The COVID-19 pandemic has led to significant changes to the 2020 Medical College Admission Test (MCAT) testing cycle, even resulting in temporary alterations to the exam itself. With precautions in place and potential contingency plans laid out, the 2021 cycle will begin in January. The first of three registration windows for 2021 administrations of the exam opens Nov. 10.
What will be different in the 2021 cycle? How should medical students prepare for any looming uncertainty? One expert on the MCAT offers insight on those questions.
Precautions for test-taking
In 2021, the MCAT is still being administered in-person, so there is likely to be some concern among potential test-takers about acquiring SARS-CoV-2—the novel coronavirus that causes COVID-19—while taking the test.
The Association of American Medical Colleges (AAMC), which oversees the MCAT, says more than 40,000 aspiring medical students have taken the exam since May, and reports only a few isolated instances of examinees feeling symptoms after taking the exam. The AAMC and Pearson Vue, the organization responsible for administering the MCAT, indicated in an August letter that they followed the protocol to ensure that the exam is administered in a safe environment.
The measures that test centers are following to prevent the spread of infection include requiring all test-takers to wear masks, reducing the number of test-takers at each site by 50%, maintaining six feet of distance between test-takers, and allowing examinees to wear gloves.
Changes to registration windows
When registration for the early 2021 administration of the MCAT opens Nov. 10, that date will be about a month later than when registration usually opens. It also will be one of three registration windows for 2021 exam dates. There are typically two windows for registration.
The November registration window is for exams taking place from January through March. There is a window in February for exams taking place in April–June and one in May for the last batch of exams taking place July–September.
In 2020, a shorter version of the MCAT was administered. The purpose behind that was to accommodate a backlog of testers that occurred while exams were cancelled over the spring. The exam will revert to its previous form in 2021. Unlike a typical year, however, there will be two test-taking sessions offered per exam date, one at 7:30 a.m. and the other at 3 p.m.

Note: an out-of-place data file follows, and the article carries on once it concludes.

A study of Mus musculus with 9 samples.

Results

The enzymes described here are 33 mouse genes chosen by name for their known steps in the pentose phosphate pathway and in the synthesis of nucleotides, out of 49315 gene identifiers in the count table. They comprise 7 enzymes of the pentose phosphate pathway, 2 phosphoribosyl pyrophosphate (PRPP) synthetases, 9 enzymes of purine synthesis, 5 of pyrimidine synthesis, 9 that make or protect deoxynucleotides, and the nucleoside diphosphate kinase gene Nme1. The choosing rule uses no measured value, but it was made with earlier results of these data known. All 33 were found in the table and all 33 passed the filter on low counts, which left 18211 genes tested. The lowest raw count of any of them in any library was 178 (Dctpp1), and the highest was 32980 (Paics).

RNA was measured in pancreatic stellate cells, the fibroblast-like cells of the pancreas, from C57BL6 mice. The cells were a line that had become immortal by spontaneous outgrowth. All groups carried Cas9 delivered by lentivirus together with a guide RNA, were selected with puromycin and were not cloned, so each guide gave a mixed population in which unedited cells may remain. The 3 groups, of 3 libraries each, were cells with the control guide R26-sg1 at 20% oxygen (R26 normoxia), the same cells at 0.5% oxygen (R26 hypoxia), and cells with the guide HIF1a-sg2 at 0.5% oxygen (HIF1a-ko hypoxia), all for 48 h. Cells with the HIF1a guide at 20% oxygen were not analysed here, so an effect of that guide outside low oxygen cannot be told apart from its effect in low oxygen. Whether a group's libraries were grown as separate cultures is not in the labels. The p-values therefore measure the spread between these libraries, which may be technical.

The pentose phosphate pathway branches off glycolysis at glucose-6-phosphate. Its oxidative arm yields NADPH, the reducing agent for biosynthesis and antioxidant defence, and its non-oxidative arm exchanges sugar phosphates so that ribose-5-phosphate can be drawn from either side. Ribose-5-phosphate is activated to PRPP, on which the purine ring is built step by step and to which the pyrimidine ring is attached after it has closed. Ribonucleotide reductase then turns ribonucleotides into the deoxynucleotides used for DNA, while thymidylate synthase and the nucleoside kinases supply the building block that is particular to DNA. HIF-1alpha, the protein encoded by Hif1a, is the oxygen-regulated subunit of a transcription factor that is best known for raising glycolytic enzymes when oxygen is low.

The amount of overall testing slots should be about what it is in a normal year. Still, Petros Minasi, senior director of pre-health programs at Kaplan, says staying on top of your registration date can help you set the rest of your MCAT prep plan.
“It’s really about students being on top of registration, so that they are able to get a spot for their preferred window,” Minasi said. It’s most important for students to have a proper plan that is right for them and not be distracted by the fact that registration is opening closer to the exam than it normally would.”
The reality of uncertainty
The pandemic caused exams to be shut down for more than a month during the spring of 2020, and there are no guarantees that this will not happen during the 2021 cycle. The AAMC has said it will follow local guidance on matters related to cancellation; it is possible that some administrations of the exam will take place in one region, where the virus is contained, and not take place in another, where it is transmitting at a higher rate.
Minasi warns students not to focus on elements that are out of their control. Instead, proceed as though your exam is taking place on the date for which you registered—until you hear otherwise. That means sticking to your study plan.
“The best advice to students is to maintain focus on your test date,” he said. “There are so many what-ifs. If a student starts to go through them in their mind, they’ll completely lose focus on the task at hand.”